THE COMING OF THE LORD

THEME: THE COMING OF THE LORD
READINGS: Jer. 33:14-16 / 1 Thessalonians 3:12-4:2/ Luke 21:25-28, 34-36
1st Sunday of Advent

The prophet Jeremiah announced that God’s promise of salvation would be fulfilled through a descendant of David (Jer. 33:14-16). Jesus Christ is the descendant of David through whom God’s promise is fulfilled.

Whereas many in Israel knew that God’s promise of salvation would be fulfilled through a descendant of David and that the Saviour would be born in Bethlehem, they failed to recognize Him when He first came.

Therefore, in the Season of Advent while the Church reminds us that Jesus will come again, she cautions us against the mistakes of those who failed to recognize Him at His first coming. She, then, encourages us to be ever prepared so that we can joyfully welcome our Lord at His second coming.

Yes, as recorded in today’s gospel reading, Jesus did say that there would be signs preceding His second coming (Luke 21:25). However, the mention of conflicts and wars as part of these signs (Luke 21:9-11) has led many to mistakenly see certain wars (e.g. First World War, Second World War, etc.) as indications that Jesus was coming soon.  It is already a century since the end of the First World War and over seven decades since the end of the Second World War and yet the Lord has not arrived.

Now, let us fast-forward to recent times.  About a year ago, many thought that a nuclear war was imminent as they heard the rhetoric of the President of the USA and the President of the Republic of North Korea.  As a result, some thought that was a sign of the end of the world and the coming of Christ.  However, they were soon surprisingly proved wrong as the two Presidents held a diplomatic summit.

While the anxiety of a possible nuclear war still tarried, the President of the USA announced the relocation of their Embassy in Israel to Jerusalem.  This gave the occasion to some pastors to falsely prophesy that the end of the world and the coming of Jesus would soon happen.

The above highlights of some events of the past hundred years are more than adequate to inform us that many people have not understood Jesus’ message about the signs preceding His coming and the actual day of His coming.  In the first place, Jesus says that the end of the world and His coming do not immediately follow the signs: “When you hear of wars and insurrections, do not be terrified; for these things must take place first, but the end will not follow immediately” (Luke 21:9, NRSV).  Secondly, He says that no one, not even the angels or Himself, knows the day or hour of His coming (Mark 13:32).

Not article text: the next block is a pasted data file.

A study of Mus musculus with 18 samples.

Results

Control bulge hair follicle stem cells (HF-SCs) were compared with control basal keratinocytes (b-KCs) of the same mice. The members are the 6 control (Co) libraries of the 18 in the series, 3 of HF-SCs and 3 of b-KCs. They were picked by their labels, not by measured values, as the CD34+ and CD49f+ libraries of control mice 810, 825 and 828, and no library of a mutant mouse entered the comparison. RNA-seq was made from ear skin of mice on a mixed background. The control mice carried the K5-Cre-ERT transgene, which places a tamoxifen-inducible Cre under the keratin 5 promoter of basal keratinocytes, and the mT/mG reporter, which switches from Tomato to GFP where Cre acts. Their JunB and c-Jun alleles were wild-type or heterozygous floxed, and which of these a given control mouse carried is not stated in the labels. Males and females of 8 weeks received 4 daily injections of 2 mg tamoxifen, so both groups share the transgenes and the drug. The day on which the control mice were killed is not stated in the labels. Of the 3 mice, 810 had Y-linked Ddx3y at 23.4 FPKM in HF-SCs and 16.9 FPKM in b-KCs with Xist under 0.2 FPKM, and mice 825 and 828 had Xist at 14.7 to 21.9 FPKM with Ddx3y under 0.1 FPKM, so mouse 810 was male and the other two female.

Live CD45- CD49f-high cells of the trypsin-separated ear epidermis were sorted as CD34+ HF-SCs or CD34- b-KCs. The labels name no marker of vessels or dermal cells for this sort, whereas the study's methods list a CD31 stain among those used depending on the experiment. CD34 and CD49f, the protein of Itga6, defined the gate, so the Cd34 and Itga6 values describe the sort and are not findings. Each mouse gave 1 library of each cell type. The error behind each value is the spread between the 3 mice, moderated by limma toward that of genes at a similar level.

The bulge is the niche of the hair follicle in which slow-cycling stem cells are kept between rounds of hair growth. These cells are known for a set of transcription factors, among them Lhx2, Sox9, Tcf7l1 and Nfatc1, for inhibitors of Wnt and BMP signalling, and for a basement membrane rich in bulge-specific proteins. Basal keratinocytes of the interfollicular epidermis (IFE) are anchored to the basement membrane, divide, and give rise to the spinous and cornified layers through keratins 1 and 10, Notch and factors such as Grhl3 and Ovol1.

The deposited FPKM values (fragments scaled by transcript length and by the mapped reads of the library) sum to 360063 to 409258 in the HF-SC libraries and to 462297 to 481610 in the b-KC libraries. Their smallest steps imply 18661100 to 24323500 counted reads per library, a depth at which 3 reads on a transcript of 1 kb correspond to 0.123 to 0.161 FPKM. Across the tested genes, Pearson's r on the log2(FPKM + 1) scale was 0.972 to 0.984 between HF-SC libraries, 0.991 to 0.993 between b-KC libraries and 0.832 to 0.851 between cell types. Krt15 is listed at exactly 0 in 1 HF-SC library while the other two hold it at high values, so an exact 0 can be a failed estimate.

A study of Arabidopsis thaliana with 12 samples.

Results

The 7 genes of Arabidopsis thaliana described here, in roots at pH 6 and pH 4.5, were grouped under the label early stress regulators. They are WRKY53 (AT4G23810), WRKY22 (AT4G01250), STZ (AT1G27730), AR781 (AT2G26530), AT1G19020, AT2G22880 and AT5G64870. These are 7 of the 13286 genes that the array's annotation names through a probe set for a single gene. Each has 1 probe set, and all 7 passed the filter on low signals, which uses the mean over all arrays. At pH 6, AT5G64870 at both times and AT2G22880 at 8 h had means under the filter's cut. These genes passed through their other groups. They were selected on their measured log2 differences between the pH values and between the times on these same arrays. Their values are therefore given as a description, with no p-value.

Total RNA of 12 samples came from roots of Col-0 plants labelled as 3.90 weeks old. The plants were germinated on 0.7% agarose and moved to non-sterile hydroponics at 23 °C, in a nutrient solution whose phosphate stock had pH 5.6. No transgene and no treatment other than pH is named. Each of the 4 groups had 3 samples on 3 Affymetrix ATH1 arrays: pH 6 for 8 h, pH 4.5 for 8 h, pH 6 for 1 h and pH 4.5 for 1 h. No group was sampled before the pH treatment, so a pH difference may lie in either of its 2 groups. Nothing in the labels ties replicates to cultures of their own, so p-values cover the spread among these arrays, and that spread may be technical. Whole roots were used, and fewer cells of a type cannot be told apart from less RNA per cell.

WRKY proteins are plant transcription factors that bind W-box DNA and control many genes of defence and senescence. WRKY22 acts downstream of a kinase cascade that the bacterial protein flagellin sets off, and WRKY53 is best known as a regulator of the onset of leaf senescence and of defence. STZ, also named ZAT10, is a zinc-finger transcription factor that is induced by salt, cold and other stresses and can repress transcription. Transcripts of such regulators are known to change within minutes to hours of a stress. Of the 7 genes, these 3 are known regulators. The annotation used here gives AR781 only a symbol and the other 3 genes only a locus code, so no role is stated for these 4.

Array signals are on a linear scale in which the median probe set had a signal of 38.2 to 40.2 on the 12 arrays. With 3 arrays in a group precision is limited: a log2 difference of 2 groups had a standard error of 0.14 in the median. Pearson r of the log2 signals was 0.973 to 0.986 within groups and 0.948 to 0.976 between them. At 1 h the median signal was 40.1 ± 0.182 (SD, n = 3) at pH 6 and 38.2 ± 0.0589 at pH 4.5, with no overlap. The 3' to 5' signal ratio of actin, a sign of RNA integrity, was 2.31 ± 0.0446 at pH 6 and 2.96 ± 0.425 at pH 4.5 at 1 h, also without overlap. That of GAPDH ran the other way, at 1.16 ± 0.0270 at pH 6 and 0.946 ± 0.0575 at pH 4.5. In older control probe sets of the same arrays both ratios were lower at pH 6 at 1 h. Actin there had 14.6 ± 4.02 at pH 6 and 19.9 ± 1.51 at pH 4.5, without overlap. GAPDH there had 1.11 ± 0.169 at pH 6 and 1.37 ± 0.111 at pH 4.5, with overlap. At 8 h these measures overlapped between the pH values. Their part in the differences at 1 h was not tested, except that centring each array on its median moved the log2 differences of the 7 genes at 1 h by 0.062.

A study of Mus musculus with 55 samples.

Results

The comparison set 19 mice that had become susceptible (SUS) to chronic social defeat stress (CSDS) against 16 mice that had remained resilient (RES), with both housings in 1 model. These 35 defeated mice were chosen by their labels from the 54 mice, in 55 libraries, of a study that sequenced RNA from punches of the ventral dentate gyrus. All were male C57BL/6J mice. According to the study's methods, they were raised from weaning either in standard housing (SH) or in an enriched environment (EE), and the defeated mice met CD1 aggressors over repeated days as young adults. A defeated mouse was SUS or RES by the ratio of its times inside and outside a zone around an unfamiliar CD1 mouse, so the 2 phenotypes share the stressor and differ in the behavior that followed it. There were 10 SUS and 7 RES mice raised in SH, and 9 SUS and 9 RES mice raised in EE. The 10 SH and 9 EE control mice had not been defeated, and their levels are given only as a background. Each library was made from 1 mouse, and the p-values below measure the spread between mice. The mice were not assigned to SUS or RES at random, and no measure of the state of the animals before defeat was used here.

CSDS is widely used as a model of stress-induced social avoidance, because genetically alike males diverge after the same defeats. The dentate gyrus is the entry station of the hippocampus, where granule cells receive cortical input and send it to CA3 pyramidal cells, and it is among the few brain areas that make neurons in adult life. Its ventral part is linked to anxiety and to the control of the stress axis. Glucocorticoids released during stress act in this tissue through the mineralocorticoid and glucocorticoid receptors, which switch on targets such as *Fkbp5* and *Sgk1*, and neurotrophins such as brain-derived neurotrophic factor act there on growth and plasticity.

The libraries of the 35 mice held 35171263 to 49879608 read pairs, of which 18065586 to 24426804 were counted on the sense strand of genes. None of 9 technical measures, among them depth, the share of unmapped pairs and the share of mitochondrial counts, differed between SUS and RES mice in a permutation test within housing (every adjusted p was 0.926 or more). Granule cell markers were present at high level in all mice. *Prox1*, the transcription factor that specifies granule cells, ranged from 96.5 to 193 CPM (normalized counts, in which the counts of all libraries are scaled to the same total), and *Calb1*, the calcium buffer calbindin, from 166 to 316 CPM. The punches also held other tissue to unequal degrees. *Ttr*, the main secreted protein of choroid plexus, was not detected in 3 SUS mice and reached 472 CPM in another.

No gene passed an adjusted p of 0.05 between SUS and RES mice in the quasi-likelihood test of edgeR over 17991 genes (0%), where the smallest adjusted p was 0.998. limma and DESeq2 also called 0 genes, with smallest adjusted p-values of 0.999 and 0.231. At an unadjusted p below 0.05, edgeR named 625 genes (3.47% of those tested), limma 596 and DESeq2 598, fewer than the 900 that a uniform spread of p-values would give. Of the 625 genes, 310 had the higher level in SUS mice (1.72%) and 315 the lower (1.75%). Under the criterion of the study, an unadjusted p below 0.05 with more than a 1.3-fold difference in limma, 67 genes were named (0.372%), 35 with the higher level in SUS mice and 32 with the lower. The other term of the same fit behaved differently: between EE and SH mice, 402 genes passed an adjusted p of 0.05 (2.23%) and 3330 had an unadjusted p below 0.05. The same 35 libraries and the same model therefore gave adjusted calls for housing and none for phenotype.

Now, if we consider the second coming of the Lord as the day for an examination whose date is not known, we could learn about what we should not do as well as what we should do to pass the examination of our salvation.   On the one hand, we should not be like students who do not prepare for their examinations because they think they can have access to leaked examination papers. Many of such students end up being tricked to buy fake papers believing that they are leaked papers.  Similarly, we should not be anxious or obsessed about signs of the Lord’s coming.

Furthermore, we should not run after those who parade themselves as the authentic interpreters of the signs – those who portray themselves as if they have received a direct message of prophecy from the Lord, while they are merely selling “fake leaked examination papers” of salvation.  Neither should we allow ourselves to be confused by such fake pastors or spiritual forecasters. Jesus has forewarned us against such fake personalities.  He said, “Beware that you are not led astray; for many will come in my name and say, ‘I am He!’ and, ‘The time is near!’ Do not go after them” (Luke 21:8).

On the other hand, we should be like students who, being very well prepared for their examinations, desire no leaked papers, but rather confidently await the examination day.  Therefore, instead of anxiety and obsession about the signs of the Lord’s coming, let us, first and foremost, always remember and confidently trust in the Lord’s statement that no one, not even Himself, knows the day or hour of His second coming.

Secondly, let us employ God’s grace to prepare daily for the coming of Jesus.  Here we can take an inspiration from today’s second reading: “may the Lord make you increase and abound in love for one another and for all ….  And may He so strengthen your hearts in holiness that you may be blameless before our God and Father at the coming of our Lord Jesus with all His saints” (1 Thess. 3:12-13).  It should be clear here that a good preparation for the Lord’s coming begins with and is accomplished with God’s grace; for it is the Lord who grants the increase.  Hence, St. Paul prayed for the Thessalonians saying, “may the Lord make you increase”.   Secondly, the above text reveals two of the key indicators for a good preparation – namely, to love others and to be holy.

Beloved, if we consider the grace of God as the tuition we receive from our Divine Teacher, then love and holiness are the two core subjects in which we shall be examined.  Finally, therefore, it is my prayer that we shall be like good students who are in no way interested in leaked examination papers but who seriously receive the tuition of God’s grace and apply ourselves to the study and exercises of the subjects of love and holiness.  May the Lord find us well prepared for His coming. Amen!

By Very Rev. Fr. John Louis

Fr. John Louis

Fr. John Louis

Very Rev. Fr. John Kobina Louis is a priest of the Archdiocese of Accra, Ghana.